To celebrate World Oral Health Day on 20 March 2020 we’ll be giving away some awesome free samples and oral hygiene advice at Zimbali Wedge Shopping Center in Ballito.
Your smile is our passion, which is why we ALSO have a R1000 Curapox hamper filled with dental goodies up for grabs. Check out our Facebook for more details.
Released ahead of World Oral Health Day, a survey found that less than half of parents proactively limit the intake of sugary food and drinks such as sweets, fizzy drinks and juice to their children as a means of protecting their teeth.
The survey, commissioned by FDI World Dental Federation (FDI), was conducted in 10 developed and developing countries.
The survey asked parents with children aged under 18 years “which, if any, of the following have you EVER done to ensure your child(ren) has good oral health?”.
British parents scored the best results
The results indicate that less than a third of parents in the United States of America (USA) limit their child´s sugar intake while parents in the United Kingdom (UK) are the most proactive with just over half of parents indicating they restrict sugar levels.
Parents in the UK were also top-ranked for taking their children at least once a year for a dental check-up whereas less than half of parents in the other nine countries did so.
“Oral disease is a big part of a largely preventable disease burden and these survey results demonstrate that we’re just not doing enough to avoid oral health problems at an early age,” said Dr Gerhard K. Seeberger, president of FDI.
Oral disease shares common risk factors with other noncommunicable diseases (NCDs) including tobacco use, harmful use of alcohol and unhealthy diets, especially those high in sugar. It also typifies the kind of health inequities that are so linked to the NCD burden.
“The oral health profession has largely existed as a separate speciality divorced from medicine and medicine’s education system but the intense debate around sugar over the past few years only illustrates the fallacy of working in silos.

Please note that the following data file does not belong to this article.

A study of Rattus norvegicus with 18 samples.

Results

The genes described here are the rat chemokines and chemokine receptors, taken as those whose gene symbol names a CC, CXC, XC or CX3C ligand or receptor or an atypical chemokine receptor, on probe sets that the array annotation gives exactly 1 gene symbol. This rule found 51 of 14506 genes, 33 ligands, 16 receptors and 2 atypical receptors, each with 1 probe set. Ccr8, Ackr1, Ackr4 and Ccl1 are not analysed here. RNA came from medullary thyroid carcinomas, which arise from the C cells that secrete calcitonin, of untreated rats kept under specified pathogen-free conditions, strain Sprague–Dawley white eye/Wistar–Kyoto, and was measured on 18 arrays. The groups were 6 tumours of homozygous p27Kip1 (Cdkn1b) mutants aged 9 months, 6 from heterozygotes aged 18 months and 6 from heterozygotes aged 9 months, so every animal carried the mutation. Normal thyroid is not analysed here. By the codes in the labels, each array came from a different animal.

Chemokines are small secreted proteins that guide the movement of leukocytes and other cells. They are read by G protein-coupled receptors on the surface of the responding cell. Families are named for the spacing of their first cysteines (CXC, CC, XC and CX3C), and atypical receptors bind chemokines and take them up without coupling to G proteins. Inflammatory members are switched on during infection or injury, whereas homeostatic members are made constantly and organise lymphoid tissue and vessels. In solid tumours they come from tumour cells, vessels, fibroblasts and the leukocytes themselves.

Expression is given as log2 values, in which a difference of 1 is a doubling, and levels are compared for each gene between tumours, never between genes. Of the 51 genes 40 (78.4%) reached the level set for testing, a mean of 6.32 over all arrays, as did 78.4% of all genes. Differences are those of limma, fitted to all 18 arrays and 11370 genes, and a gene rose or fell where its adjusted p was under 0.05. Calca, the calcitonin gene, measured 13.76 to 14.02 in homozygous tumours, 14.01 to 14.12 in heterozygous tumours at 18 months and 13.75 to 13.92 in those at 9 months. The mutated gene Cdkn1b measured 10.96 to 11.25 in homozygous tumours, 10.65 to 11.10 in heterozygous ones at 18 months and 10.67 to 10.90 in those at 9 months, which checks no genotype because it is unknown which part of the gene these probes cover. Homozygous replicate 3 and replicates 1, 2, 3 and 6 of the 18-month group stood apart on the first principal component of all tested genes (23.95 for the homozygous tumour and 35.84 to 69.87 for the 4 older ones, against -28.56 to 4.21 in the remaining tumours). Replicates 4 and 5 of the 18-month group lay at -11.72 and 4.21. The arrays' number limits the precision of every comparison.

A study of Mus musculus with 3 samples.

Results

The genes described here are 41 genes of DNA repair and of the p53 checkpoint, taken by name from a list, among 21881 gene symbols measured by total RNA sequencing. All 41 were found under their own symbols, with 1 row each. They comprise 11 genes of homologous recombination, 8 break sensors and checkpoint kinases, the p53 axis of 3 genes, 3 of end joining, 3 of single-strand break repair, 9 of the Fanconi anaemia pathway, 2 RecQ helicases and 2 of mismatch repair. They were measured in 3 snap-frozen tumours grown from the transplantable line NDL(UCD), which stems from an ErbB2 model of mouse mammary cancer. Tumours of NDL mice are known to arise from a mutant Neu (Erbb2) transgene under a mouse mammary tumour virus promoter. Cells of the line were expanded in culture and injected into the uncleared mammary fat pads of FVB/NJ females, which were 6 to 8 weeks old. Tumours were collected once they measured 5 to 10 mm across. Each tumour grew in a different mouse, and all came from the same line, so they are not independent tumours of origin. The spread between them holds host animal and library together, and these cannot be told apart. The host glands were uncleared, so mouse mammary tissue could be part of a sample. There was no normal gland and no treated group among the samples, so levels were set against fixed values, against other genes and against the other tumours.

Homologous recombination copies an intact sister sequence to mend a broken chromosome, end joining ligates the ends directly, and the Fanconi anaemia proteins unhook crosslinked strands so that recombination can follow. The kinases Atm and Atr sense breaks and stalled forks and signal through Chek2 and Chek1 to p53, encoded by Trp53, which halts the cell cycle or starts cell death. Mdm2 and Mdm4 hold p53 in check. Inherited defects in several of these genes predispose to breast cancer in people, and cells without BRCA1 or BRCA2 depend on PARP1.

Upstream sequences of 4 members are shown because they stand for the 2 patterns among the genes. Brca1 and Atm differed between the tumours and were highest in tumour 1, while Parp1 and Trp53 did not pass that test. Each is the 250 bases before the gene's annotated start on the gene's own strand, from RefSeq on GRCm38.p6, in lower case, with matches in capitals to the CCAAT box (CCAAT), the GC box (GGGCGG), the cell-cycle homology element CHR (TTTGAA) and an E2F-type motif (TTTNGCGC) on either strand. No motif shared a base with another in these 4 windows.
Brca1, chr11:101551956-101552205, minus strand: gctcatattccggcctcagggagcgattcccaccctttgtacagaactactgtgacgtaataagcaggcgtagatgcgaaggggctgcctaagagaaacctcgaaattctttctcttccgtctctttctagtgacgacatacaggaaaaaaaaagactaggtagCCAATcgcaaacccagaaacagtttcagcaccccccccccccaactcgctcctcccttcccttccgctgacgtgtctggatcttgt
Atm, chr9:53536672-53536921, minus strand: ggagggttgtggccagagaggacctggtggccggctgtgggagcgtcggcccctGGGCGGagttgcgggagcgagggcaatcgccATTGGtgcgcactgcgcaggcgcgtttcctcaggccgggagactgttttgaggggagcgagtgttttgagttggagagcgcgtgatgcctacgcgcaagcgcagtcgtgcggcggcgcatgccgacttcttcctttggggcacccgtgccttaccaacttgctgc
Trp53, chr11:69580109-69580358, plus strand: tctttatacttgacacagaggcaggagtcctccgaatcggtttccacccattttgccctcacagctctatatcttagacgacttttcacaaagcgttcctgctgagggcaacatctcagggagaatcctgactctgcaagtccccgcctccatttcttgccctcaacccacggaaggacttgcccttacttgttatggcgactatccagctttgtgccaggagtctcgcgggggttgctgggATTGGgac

“It is simply unproductive to be discussing sugary drinks and their link to the obesity epidemic without factoring in the obvious impact they have on the oral health of children,” said Seeberger.
Oral health continues to be one of the most neglected areas of global health.
The tragedy is that oral disease is a silent epidemic afflicting some 3.58 billion people—more than half the world’s population—but it’s largely preventable.
Oral diseases, such as dental caries (tooth decay), gum disease and oral cancer, are the most common forms of preventable NCDs and affect people throughout their lifetime, causing pain, discomfort, disfigurement and even death. The collective failure to prevent oral disease costs the world economy some US$442 billion.
Prevention is better than treatment
Much of the neglect is down to one main barrier: high treatment costs. Oral diseases are the fourth most expensive out-of-pocket diseases to treat.
Furthermore, political impetus to change this scenario has been largely absent due in part to the fact, that historically, the “mouth” has been treated separately from the “body” in healthcare policymaking.
The survey reports that parents from the USA rank second to last when asked if they limit(ed) sugary food and drinks in their child(ren)’s diet (e.g. sweets, fizzy drinks, juice), with 32% of respondents saying that this was the case.
The remaining countries’ results included the United Kingdom (52%), Sweden (44%), Australia (41%), China (41%), Morocco (40%), France (37%), Philippines (36%), Egypt (32%) and Argentina (30%).
Forty-one percent of parents in the USA took their child for a dental check-up at least once a year The remaining countries’ results included the United Kingdom (63%), Argentina (47%), France (42%), Sweden (41%), Australia (37%), Philippines (31%), China (18%), Morocco (12%) and Egypt (11%).
It makes you wonder where South African parents would rank in a survey such as this?